Conviction of ‘cannibal’ cop overturned by judge

By Sarina Trangle

A federal judge overturned a former Forest Hills police officer’s conviction of plotting to kidnap, kill and eat women in a 118-page decision handed down Monday in Manhattan federal court.

The ex-cop Gilberto Valle was released on a $100,000 bail Tuesday and ordered to remain on home detention in his mother’s Middle Village home with an electronic monitoring unit and undergo mental health treatment, U.S. Attorney Preet Bharara’s office said.

The ruling, issued by Judge Paul Gardephe, granted a request from Gilberto Valle’s attorney to acquit the ex-NYPD officer of conspiracy to commit kidnapping and authorize a new trial on a charge that could bring a sentence of up to life in prison.

Gardephe, however, upheld Valle’s conviction of going beyond his authorized access while searching an FBI database for details of women prosecutors described as potential victims.

The judge concluded prosecutors’ use of Valle’s exchanges with three alleged co-conspirators in New Jersey, England and India or Pakistan on the sexual fantasy website Dark Fetish Network did not illustrate any concrete steps taken by Valle to plot kidnappings.

“This is a conspiracy that existed solely in cyberspace,” Gardephe wrote in his opinion, which came after Valle was convicted and while he was awaiting sentencing. “Dates for ‘planned’ kidnappings pass without comment, without discussion, without explanation and with no follow-up. The only plausible explanation for the lack of comment or inquiry about allegedly agreed-upon and scheduled kidnappings is that Valle and the others engaged in these chats understood that no kidnappings would actually take place.”

Prosecutors said they are considering appealing the judge’s decision.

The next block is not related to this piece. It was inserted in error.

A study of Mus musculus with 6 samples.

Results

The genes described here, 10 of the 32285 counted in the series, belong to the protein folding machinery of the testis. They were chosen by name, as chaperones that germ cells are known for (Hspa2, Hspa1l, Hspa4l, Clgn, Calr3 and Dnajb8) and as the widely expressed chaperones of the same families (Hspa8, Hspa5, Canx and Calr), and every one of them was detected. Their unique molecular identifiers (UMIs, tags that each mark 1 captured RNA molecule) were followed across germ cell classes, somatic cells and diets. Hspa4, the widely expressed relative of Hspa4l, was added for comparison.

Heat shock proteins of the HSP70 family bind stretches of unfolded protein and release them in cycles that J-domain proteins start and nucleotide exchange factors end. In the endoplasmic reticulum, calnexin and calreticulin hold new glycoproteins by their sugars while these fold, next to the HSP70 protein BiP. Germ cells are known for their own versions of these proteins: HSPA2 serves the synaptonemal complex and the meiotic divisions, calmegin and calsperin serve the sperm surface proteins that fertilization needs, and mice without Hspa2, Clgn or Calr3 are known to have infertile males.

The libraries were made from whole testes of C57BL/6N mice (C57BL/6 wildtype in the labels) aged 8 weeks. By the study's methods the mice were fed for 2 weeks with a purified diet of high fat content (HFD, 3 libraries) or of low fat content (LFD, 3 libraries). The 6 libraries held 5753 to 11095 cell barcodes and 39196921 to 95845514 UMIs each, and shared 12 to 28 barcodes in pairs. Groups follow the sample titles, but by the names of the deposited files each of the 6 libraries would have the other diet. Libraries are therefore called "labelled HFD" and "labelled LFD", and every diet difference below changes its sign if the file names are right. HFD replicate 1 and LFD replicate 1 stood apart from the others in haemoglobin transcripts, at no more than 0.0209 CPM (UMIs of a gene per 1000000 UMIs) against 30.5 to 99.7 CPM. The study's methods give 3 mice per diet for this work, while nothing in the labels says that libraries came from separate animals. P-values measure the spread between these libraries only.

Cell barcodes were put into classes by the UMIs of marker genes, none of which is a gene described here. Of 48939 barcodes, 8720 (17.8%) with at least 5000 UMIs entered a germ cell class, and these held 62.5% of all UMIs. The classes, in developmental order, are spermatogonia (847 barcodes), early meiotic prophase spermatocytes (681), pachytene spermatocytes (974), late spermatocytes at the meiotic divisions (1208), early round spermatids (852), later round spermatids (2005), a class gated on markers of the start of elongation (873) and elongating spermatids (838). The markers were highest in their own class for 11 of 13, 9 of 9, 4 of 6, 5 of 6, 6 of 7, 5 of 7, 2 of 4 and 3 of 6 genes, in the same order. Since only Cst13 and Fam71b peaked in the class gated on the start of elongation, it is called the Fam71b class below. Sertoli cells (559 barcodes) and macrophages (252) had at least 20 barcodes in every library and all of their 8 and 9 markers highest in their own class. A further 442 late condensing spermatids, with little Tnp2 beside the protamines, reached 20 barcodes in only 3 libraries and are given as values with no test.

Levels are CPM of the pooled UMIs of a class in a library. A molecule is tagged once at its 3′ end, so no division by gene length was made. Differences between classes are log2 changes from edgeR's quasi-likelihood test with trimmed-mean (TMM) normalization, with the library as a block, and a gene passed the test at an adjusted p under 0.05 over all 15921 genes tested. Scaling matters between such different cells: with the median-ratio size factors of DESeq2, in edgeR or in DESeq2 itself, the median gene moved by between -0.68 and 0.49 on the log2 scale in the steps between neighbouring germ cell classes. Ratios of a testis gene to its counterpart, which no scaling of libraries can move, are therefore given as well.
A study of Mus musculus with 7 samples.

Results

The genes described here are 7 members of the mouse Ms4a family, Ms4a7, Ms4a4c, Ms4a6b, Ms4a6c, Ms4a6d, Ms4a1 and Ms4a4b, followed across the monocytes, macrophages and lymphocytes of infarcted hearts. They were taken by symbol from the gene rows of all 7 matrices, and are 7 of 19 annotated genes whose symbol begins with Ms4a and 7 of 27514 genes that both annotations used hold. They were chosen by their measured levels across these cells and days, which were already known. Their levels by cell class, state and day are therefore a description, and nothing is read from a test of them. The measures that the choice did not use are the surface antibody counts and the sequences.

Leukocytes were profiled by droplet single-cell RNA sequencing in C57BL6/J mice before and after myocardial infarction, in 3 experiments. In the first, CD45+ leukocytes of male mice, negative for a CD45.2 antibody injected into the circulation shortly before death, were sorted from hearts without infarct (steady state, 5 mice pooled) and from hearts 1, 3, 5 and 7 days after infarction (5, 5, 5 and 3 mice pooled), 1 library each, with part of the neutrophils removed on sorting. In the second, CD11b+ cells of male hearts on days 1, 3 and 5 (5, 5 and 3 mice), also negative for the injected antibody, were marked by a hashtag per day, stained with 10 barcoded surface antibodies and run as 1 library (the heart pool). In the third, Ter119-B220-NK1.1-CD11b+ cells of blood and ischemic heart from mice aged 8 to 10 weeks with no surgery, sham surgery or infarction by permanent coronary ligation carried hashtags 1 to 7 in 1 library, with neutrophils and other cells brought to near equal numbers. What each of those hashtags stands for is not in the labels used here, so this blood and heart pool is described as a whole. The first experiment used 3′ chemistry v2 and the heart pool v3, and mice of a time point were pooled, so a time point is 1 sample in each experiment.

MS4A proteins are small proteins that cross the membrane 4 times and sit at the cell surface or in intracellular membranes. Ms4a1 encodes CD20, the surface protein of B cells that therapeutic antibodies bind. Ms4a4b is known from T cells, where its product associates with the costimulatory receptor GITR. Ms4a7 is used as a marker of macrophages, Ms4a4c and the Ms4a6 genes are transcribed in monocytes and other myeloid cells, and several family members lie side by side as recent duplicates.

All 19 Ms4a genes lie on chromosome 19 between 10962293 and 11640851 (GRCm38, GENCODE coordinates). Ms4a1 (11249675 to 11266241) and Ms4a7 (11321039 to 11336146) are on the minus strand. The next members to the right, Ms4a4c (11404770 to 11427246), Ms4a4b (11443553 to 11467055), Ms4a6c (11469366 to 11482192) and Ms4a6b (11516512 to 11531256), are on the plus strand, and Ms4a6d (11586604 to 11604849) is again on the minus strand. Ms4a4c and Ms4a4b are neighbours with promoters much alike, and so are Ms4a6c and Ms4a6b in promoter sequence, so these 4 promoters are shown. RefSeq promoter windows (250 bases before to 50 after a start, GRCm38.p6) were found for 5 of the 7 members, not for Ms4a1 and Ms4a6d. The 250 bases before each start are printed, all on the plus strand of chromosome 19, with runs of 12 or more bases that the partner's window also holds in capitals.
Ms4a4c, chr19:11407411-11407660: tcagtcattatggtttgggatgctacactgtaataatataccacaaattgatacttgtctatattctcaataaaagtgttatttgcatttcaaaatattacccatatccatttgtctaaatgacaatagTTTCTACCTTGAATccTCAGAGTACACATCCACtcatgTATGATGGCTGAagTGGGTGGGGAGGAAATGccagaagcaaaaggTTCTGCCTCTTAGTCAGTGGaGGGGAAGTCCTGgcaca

A six-man, six-woman jury reached a guilty verdict in Valle’s case after deliberating for three days in March 2013.

Agents began investigating Valle after his wife told the FBI she found graphic pornography on his computer and what appeared to be detailed plans to kidnap and torture women.

The Federal Bureau of Investigation discovered several chats and e-mails Valle exchanged with alleged co-conspirators, extensive files on women who prosecutors said he planned to abduct and Internet searches for rope and chloroform.

Prosecutors argued Valle took concrete steps to act on his plans, including meeting one woman he discussed online for lunch and sending a Police Benevolent Association card to another.

“I’m just afraid of getting caught. If I were guaranteed to get away with it, I would,” Valle wrote in an e-mail prosecutors showed jurors.

Defense attorney Julia Gatto contended that Valle never intended to hurt women and the government ignored instances where he described his online activity as mere fantasy while culling evidence for the case.

“These chats are as much proof of an agreement as the ‘War of Worlds’ broadcast was proof of the alien invasion,” Gatto said.

Gardephe scheduled a Tuesday hearing on the status of the case.

It was not immediately clear when his case would proceed.

His conviction of overstepping his authorized access to the FBI database carries a maximum sentence of one year, according to Bharara’s office.

Reach reporter Sarina Trangle at 718-260-4546 or by e-mail at strangle@cnglocal.com.